Bill-splitting apps are making us more selfish and need to stop
Whatever happened to rounds?
We've all been there – you're getting some cheeky pints in with your mates at the Mill, the sun shining over Coe Fen. There is the sound of a lone nightingale in the breeze, followed by an even more beautiful utterance:
"I think it's my round."
What a nice gesture, you think, knowing that you'll be perfectly happy to get the next one.
Your mate comes back from the bar, holding all of your pints aloft as if anointing the next Lion King.
Suddenly, the serenity of the moment is completely shattered as they deliver those tragic words:
Mind if I chuck it on the Splitwise?
Oh, you think, they're one of those. The bean-counters, the penny-pushers, someone with not enough faith in humanity to trust that at some point you'll return the favour in kind.
"Nah, don't worry our kid – I'm sure I'll get you a pint sometime," you protest – (I'm imagining you with some sort of charming Yorkshire dialect but please change this as you see fit.)
But what about Gareth who ordered the Punk IPA which was more expensive – it's not fair.
Yes, you agree, Gareth does look like a prick – his craft ale swilling into his preposterously beard-covered mouth like a beaver at a watering hole. However, who cares if his beer was a bit more expensive? He'll probably go for something cheaper next time, or maybe you might push the boat out with a Peroni. All of these options – this bright new future of pints – has been completely obliterated. You begrudgingly put £4 on the Splitwise and call it a night.
A few hours later you get a WhatsApp:
Hate to be a pain but your pint was actually £4.08 x
You delete your friend's number, and their existence from your life.
Let's get pretty #Deep for a second.
If you trust Social Anthropology then it turns out there's a very good reason to feel aggrieved at this brave-new world of Tricount, Splitwise and PayPal. It all goes down to the difference between a commodity and a gift.
A commodity purchase is something you'd do to a stranger – exchanging cold hard cash for a good or service with no expectation to see them ever again. You're happy you bought that crop-top from Zara, but you don't feel as if you're suddenly bezzies with the cashier.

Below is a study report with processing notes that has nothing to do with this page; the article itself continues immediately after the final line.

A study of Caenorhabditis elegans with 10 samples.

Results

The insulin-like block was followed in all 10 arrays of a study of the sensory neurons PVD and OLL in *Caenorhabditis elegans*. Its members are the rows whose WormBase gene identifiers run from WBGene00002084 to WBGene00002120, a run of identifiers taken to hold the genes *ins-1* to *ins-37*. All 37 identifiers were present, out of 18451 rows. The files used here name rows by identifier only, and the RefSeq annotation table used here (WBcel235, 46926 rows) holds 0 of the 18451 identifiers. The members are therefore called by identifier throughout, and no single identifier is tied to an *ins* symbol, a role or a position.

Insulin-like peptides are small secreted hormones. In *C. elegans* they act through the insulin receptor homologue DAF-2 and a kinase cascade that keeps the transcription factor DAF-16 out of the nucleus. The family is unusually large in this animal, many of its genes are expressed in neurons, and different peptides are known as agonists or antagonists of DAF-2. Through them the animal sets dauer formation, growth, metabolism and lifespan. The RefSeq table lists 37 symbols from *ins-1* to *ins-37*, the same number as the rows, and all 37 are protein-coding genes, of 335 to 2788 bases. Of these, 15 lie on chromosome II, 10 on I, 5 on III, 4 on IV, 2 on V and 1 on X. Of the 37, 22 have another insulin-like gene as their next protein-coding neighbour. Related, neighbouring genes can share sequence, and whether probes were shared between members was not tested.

Imagine though, that you'd "paid" for that top by promising to do all the cashier's tax returns. You're good with numbers and you'd be happy to do it – it saves the cashier a lot of money and time trying to find an accountant. Suddenly you've moved into the world of gift exchange – and you've built a bond of friendship and trust between the pair of you.
The Golden Rule – "do unto others as shall be done unto you" – is pretty much hard-wired into all people. It's the basis of most religions and legal systems – including one of the oldest laws we know: "An eye for an eye." People have this intuitive desire to want to be on an even keel with each other – and it feels very humiliating if someone does you a favour you cannot repay.
Entire societies even revolve around the power of the gift: ooh look at me giving away all these pigs. You're going to try desperately to return the favour, but if you can't then basically I'm more powerful than you because I can give away more pigs. Therefore when you get someone a round you are entering into this cycle of gift-giving. The recipient of the gift feels forced into returning the favour – increasing the chance of you having more pub trips to get those sweet sweet pints.
You can TriCount me out
Once we start counting every last penny and expressing social contact in individualistic, monetary terms then something is lost. This is exactly what bill-splitting apps do – they encourage people to count the pennies instead of just focus on the time spent together and the mutual build up of trust that eventually you'll be paid back in more pints. If you had someone over for a dinner party you wouldn't then present them with a bill at the end (with an optional service charge) – you'd just expect them to have you back in return. Splitwise and co thus in some ways ruin the possibility of these return encounters and the social bonding and solidarity they build.
Let's go back to the olden days: you get this round, I'll get the next. Oh and Gareth, please take off that stupid scarf it's clearly giving you an allergic reaction and nobody is impressed by how much you know about Fleet Foxes.